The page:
On Mar. 10, the Modern Fuel Artist-Run Centre hosted the works of local artists, writers and ziners who were united by their alternative artistic sensibilities.
The event presented a book club-sized gathering of amateur artists, preoccupied with eager customers from the very start of the fair.
Many vendors sold their self-published zines — essentially shortened magazines often focused on a single theme or topic — to the crowd of customers on Saturday.
Whether it was an activist art collection, homemade floral postcards, lookbooks or design prints, the atmosphere was welcoming and friendly, with all artists ready to talk about their work.
The art styles themselves were equally diverse. Attending artists used everything from digital design to hand painting to even wearable artwork to express themselves.
Though not the theme of the event, activism was surely present and a central theme of some artists’ work. One vendor who had a more prominent activist message was the AKA Autonomous Social Centre, an anarchist group offering publications like Blue Heron Books and Zines and Pineapples against the Patriarchy.
Meanwhile, vendors such as Small Potatoes and Laura Watson used nature imagery in their artwork, often intertwined with human figures.
Small Potatoes is a newly established artistic group, composed of four individual artists that established themselves as a vendor at the event.
Small Potatoes member Carina Magazzeni makes digital prints from vintage lesbian porn. The images are juxtaposed against the earthly physicality of the images with interstellar settings creating ethereal, vibrant pieces of art.
Meanwhile, member Gabriel Cheung works to create miniature lookbooks featuring geometric designs. His attention to detail was undeniable on Saturday, as he explained his process of hand-cutting the images and assembling the small pieces into patterns and designs.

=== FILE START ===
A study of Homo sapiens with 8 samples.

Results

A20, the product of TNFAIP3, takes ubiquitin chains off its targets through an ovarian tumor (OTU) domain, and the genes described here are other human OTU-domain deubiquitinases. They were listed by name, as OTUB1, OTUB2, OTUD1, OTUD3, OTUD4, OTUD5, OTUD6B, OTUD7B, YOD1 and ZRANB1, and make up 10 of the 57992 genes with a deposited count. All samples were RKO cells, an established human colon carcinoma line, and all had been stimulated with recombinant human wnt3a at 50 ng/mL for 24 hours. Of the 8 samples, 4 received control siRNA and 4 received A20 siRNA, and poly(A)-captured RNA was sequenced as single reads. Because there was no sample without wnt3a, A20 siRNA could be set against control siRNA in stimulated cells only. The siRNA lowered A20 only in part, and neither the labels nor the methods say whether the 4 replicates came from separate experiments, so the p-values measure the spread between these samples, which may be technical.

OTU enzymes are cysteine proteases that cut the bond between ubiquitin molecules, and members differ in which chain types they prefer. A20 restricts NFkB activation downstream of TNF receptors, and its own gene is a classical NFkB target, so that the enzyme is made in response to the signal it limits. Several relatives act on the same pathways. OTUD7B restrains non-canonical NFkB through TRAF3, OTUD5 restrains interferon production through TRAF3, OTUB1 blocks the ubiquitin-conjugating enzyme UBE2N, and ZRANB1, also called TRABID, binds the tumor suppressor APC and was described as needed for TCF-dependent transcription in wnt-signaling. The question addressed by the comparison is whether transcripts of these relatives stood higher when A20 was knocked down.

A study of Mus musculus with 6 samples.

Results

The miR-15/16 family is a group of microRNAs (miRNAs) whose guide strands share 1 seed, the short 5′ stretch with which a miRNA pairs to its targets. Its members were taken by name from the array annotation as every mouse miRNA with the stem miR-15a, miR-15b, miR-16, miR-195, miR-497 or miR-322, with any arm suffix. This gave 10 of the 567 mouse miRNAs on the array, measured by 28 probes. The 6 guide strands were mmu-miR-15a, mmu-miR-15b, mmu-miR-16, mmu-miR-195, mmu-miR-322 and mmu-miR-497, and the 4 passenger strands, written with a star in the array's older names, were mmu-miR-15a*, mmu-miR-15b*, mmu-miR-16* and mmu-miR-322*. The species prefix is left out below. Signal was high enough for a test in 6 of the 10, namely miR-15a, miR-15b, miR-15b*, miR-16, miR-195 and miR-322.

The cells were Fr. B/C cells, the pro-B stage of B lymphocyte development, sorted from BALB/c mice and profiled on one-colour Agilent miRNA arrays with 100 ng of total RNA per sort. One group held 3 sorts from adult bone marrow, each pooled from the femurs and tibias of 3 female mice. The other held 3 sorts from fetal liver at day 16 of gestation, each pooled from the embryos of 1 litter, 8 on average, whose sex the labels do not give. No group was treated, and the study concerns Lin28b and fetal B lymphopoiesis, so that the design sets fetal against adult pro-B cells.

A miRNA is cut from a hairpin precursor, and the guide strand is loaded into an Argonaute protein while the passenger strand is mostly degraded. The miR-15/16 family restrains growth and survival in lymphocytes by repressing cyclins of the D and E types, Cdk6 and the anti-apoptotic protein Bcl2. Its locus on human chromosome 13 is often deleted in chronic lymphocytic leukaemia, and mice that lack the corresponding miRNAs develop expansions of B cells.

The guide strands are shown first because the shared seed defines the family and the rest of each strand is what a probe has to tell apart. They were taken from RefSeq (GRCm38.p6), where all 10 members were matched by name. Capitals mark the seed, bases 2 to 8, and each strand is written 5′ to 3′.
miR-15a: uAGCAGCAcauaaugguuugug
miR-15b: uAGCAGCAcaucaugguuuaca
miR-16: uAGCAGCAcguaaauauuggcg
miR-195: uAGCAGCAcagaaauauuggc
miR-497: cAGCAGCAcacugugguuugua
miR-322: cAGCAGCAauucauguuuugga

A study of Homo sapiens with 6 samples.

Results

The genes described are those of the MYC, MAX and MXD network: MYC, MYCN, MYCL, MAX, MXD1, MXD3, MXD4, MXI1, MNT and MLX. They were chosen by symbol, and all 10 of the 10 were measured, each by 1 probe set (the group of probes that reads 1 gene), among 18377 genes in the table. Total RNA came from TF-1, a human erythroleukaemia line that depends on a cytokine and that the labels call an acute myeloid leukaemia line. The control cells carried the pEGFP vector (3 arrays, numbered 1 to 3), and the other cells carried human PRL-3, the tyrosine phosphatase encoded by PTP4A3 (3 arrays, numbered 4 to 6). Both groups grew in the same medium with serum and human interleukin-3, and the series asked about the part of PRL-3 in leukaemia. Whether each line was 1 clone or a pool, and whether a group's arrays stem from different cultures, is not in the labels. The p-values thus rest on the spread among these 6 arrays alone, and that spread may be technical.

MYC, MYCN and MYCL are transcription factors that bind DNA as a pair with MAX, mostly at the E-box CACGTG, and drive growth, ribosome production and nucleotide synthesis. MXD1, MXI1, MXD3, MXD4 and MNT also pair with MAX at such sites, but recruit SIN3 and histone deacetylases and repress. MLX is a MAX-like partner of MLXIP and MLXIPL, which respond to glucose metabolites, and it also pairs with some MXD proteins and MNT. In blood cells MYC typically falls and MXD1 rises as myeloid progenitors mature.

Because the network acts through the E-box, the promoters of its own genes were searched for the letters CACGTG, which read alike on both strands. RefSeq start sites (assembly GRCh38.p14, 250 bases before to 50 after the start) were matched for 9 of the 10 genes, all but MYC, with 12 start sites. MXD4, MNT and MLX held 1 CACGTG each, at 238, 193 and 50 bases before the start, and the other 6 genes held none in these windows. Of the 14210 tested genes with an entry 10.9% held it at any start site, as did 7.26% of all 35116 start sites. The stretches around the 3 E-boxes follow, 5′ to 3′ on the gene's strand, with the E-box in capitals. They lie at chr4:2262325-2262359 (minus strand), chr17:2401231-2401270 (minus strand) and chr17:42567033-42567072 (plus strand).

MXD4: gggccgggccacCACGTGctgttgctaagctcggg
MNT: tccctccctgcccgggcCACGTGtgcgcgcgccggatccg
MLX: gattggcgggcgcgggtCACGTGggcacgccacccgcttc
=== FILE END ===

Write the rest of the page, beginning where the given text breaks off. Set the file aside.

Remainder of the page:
The artistic goal of Small Potatoes is to help local artists who make intentionally “ephemeral” pieces of art sell and market themselves online.
Another vendor at the event was feminist art-collective Temper Tantrum. According to Caitlynn Fairbarns, the group “curate[s] multi-vendor online marketplace who supports femmes and self-identifying women artists who are creatively outspoken.”
Temper Tantrum distributes art zines both online and at art shows. Not only do they focus their attention on feminist zines, they also support and feature the work of artists who make stickers, iron-on patches and poetry books.
Fairbarns said their aim is to “create a community that pushes each other.”
The name Temper Tantrum speaks to the group’s artistic goal: to direct their rage into their artwork in a productive way. The artwork hopes to overcome the systematic forms of oppression felt by the artists.
Some pieces sold by Temper Tantrum that work to show these particular inclinations are their stickers, which read “Don’t tell me to smile,” with an image of a 60s pin-up style model.
The artwork sold by Temper Tantrum is both feminist and LGBTQ friendly. Through support of women’s and LGBTQ rights, the artwork has a recurrent theme of activist anger aimed at the social ills that exist today.
With groups like Small Potatoes and Temper Tantrum, Saturday’s event fostered a space where all artists’ views and beliefs were valued and supported. It served as an impressive introduction to the alternative art and creativity that Kingston has to offer.